Footage taken by Itay Barylka and video edited by Chetana Ramaiyer
On Tues. May 24, the Tech Museum in San Jose brought together different subject areas all across the board, as Drama, Art, Journalism, AP Environmental Science, AP Chemistry and AP US History came together for The Martian: Deconstructed event.
The Martian: Deconstructed was a night to celebrate space exploration, watch student presentations, and deconstruct scientific inaccuracies featured in the movie — the event opened up with the Drama Department creating an abridged reenactment of the movie, followed by a panel of NASA scientists to answer people’s questions about the STEM industry. AP Chemistry and Environmental Science students examined the movie The Martian using scientific evidence to prove what scenes were fact, and which were fiction. From journalism, seniors Alina Abidi and Malini Ramaiyer asked NASA scientist questions about the STEM industry and juniors Avni Prasad and Shriya Deshpande presented film critic in relation to The Martian. Art classes created different pieces of artwork that represented different aspects of space, and AP US History classes, in tackling the male dominated field that is aerospace engineering, focused their presentations on women in space.
When AP Chemistry teacher Kavita Gupta first thought up of the event, she never expected it to snowball into the project it became. She is very proud of what The Martian: Deconstructed has evolved into and feels it showcases a great blend of multiple disciplines.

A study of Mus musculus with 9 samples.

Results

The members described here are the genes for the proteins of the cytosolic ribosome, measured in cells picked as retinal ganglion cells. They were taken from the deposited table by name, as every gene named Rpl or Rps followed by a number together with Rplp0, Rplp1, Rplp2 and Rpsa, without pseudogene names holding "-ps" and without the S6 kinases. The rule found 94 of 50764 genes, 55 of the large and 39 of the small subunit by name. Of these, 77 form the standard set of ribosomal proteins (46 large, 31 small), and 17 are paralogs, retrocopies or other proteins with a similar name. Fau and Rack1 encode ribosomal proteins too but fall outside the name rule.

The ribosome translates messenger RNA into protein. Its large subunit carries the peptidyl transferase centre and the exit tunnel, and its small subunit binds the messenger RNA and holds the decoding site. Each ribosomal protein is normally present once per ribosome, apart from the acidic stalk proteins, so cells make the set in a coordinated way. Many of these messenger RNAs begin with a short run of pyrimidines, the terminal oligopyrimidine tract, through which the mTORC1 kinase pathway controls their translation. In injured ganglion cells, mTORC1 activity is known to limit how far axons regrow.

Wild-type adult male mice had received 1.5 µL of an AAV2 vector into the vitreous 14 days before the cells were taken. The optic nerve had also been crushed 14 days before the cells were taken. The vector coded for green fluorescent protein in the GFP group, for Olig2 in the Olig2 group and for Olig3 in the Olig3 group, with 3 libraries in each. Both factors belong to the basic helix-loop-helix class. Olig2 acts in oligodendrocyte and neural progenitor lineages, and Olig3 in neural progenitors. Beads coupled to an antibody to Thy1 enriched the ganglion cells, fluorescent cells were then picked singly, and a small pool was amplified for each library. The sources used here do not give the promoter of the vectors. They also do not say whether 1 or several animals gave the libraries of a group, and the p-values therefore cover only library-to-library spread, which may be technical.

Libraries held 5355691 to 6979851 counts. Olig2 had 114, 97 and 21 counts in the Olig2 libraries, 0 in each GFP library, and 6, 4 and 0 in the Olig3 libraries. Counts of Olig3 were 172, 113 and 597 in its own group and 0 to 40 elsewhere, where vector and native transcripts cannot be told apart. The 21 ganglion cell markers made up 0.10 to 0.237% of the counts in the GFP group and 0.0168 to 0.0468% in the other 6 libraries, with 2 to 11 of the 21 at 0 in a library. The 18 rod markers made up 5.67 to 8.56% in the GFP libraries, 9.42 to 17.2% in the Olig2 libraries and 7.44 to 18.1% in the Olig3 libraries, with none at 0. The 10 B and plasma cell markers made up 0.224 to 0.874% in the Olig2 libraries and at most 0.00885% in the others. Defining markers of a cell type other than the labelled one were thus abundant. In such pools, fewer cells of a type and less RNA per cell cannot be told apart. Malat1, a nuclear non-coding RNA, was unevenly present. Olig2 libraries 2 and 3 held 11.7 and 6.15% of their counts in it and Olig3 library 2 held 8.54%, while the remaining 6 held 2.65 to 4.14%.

“Whether you’ve seen the movie or not, or whether you are interested in science or not, it just grasps you,” Gupta said. “The beauty of the movie is that it talks to so many. Our space program is always been a source of pride, and what we look up to, so it talks to many people and it makes science accessible to other people.”
Click through to see more indepth stories on APUSH, AP Chemistry, APES, and Art presentations from The Martian: Deconstructed!
In the end, The Martian, according to Gupta, was a show of how different disciplinaries could come together. It was a combination of arts, of drama, of science, and it all came together to showcase a love of space and the unknown.
“Over my years of teaching I’ve really come to value learning of skills all over the continent,” Gupta said. “Skills like analyzing, critical thinking, problem solving, research — it is very valuable for students to see that overlap because then they know they can take their skills and apply it to different subject areas. You don’t necessarily know the content, but if you have critical thinking skills you can take a paragraph from any subject area and understand it.”
CORRECTION: Teacher Mary Murphey’s name is spelled incorrectly in the video. Her last name should be spelled “Murphey,” not Murphy.